Dog to Dog Aggression - Fear ReactivitySep 09, 2020
Is your dog fearful when he's around other dogs? How would you know for sure? Here are the most common characteristics of a reactive dog that is behaving in fear or defensiveness.
- Leash may go tight, but there's moments it's loose. This dog isn't confident enough to stay at the end of the line to fight for herself. So while she might be barking and lunging on the leash there are moments the line goes loose. In these moments, she often looks back to her handler as if asking for reassurance.
- Pitch of the bark is low and then goes up a little higher at the end. Initially, the bark pitch will sound low and threatening. Because the dog is insecure, the ending part of the pitch will start to go up in a "Woo woo woo" type barking sound, indicating her insecurity.
- Dilated pupils. The pupils of a fearful dog are often wide and dilated. Because the dog is in fight or flight mode, the body responds with adrenaline. Dilated pupils are designed to allow as much light into the eye as possible to prepare the dog to either fight or flee the situation.
- Barking and lunging increases when the dog/person turns away. Just like with many people, it takes courage to confront someone head on. With an insecure dog, it's easier to take a shot at something scary when it's back is facing you versus when it's facing you head on.
- Tightening of the leash escalates the barking and lunging. In this dog's case, the tension on the line is a signal that she's got back up. Think of going into a fight. You'd feel much more ready to stand up for yourself if you knew you had friends who would back you up. This is the same thought process your dog is going through when he's in this state and feels tension on the leash.
Here are the most common causes of how fear aggression can develop in a dog:
- Genetics. Like us, every dog is born with her own unique personality. Just like us, some of us are born more confident and outgoing in the world around us, and some of us are born quieter in nature, and less secure. This can be an innate nature in the dog.
- Bad experience with other dogs. If your dog has had a traumatizing experience with another dog, fear and uncertainty can creep in in later interactions with other dogs. She may become more cautious when approaching other dogs, and start to react defensively in order to protect herself and hopefully scare them away.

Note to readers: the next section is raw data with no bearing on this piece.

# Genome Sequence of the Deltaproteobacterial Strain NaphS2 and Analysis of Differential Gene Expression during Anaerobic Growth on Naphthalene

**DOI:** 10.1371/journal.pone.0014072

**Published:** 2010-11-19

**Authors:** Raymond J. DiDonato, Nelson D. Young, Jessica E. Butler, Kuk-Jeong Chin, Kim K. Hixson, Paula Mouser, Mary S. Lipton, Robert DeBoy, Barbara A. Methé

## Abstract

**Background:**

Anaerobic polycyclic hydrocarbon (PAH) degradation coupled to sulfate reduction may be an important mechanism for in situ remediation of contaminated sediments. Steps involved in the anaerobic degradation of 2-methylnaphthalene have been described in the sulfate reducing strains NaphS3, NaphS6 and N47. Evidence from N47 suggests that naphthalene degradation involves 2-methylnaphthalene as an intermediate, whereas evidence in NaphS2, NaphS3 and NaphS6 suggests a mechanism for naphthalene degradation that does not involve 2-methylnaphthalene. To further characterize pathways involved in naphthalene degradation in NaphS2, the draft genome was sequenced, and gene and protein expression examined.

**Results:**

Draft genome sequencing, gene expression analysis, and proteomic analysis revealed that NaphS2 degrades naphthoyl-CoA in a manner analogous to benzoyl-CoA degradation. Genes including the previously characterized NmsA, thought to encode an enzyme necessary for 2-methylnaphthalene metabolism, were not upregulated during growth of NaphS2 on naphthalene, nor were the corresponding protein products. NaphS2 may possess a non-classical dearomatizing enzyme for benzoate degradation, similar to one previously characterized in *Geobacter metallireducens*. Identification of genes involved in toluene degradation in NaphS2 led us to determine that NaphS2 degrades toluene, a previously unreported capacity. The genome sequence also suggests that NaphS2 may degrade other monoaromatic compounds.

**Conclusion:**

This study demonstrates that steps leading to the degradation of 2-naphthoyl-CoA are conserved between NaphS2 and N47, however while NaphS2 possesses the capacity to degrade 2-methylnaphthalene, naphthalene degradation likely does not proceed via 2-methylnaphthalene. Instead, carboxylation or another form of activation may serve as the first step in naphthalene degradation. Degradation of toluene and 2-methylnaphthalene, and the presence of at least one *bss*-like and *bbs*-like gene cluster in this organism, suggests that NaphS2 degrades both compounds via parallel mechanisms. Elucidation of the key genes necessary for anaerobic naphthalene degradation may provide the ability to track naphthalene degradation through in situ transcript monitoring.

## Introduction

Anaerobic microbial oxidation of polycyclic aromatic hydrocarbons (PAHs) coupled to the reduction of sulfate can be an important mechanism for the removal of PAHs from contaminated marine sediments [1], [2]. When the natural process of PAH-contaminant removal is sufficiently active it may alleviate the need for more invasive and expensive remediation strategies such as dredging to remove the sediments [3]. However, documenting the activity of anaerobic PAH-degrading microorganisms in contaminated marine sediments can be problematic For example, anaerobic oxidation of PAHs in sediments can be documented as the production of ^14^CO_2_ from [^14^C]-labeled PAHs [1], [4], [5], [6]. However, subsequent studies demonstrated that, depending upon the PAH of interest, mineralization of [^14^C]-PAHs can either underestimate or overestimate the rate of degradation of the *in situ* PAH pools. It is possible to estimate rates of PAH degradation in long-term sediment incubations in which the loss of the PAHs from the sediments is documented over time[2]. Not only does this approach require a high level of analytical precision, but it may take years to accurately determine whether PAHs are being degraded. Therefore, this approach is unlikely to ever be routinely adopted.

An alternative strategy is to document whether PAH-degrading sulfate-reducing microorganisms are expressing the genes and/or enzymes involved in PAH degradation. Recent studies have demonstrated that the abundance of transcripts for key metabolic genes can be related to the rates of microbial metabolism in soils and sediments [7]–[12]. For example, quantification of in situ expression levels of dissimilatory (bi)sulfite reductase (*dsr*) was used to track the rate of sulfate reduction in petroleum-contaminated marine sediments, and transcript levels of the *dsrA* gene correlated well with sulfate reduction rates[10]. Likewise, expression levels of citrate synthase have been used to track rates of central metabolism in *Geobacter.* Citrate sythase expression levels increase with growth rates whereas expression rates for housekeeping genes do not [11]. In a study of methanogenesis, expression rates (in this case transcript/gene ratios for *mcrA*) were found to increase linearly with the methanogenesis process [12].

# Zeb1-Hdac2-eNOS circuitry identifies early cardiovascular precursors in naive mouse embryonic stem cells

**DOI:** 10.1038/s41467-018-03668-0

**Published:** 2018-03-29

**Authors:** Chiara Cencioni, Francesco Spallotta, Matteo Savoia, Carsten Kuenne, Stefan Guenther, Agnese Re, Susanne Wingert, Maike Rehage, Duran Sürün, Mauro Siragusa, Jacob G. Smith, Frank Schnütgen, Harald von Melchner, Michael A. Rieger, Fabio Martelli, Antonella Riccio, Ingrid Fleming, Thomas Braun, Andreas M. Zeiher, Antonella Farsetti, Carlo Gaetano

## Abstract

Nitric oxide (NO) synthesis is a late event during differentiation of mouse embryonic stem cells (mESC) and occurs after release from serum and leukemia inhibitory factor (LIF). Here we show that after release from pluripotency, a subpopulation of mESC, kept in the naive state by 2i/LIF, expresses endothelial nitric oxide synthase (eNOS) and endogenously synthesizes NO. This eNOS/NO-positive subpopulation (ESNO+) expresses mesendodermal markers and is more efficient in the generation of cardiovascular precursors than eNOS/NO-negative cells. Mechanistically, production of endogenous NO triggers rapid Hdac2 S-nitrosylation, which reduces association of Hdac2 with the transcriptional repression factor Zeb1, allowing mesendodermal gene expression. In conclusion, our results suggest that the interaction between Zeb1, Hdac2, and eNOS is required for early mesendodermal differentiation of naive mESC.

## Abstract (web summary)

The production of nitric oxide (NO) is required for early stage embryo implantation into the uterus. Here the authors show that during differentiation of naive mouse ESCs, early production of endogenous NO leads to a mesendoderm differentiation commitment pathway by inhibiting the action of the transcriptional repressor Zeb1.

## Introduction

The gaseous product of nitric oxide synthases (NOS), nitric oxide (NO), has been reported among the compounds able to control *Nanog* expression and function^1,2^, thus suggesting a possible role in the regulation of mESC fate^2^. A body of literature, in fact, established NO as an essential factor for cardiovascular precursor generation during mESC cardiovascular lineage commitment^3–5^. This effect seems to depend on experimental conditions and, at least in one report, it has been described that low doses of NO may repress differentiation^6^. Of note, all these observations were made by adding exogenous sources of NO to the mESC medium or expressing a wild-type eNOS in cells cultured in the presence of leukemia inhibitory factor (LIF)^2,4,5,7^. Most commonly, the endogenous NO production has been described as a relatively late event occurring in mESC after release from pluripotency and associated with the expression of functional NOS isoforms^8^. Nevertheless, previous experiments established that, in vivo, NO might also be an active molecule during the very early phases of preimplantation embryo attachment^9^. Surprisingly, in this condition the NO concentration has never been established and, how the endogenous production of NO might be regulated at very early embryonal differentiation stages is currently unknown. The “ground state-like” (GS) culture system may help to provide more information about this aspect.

- Learned Fearfulness. As pet parents, we can inadvertently teach and reinforce fearfulness in our dogs. While it's appropriate to comfort children when they are scared or frightened, when we do it to a fearful dog, we are actually rewarding him for being fearful, and as a result, he finds more reason to be scared and act defensive.
- Combination of Factors. With many dogs, fear can arise from a combination of the above factors.
What Rehabilitation Looks Like
- Desensitization and Counter Conditioning. This type of training is designed to help your dog reassociate what other dogs mean to him. The goal here is to show him that the presence of other dogs mean good things happen.
- Obedience Training. Obedience training will be taught with teaching calm focus in mind. Exercises taught, like the Sit, will not be about the position, but will more be focused on teaching the dog to achieve calm in the Sit and to teach the handler how to recognize the body language that indicates calmness.
- Strategic Socialization. Using a combination of desensitization and the obedience commands taught, your dog will learn to achieve calm focus with the handler when around other dogs. Over time, learn to gradually increase the exposure, the energy levels of the other dogs, as well as the number of dogs your dog will learn to maintain his calm focus around. Here, we also introduce a variety of different pictures that most dog owners will realistically run into in their everyday walks to help you transition your training results to your day to day life.
Do you know what type of reactivity your dog is exhibiting? Take the quiz here to find out!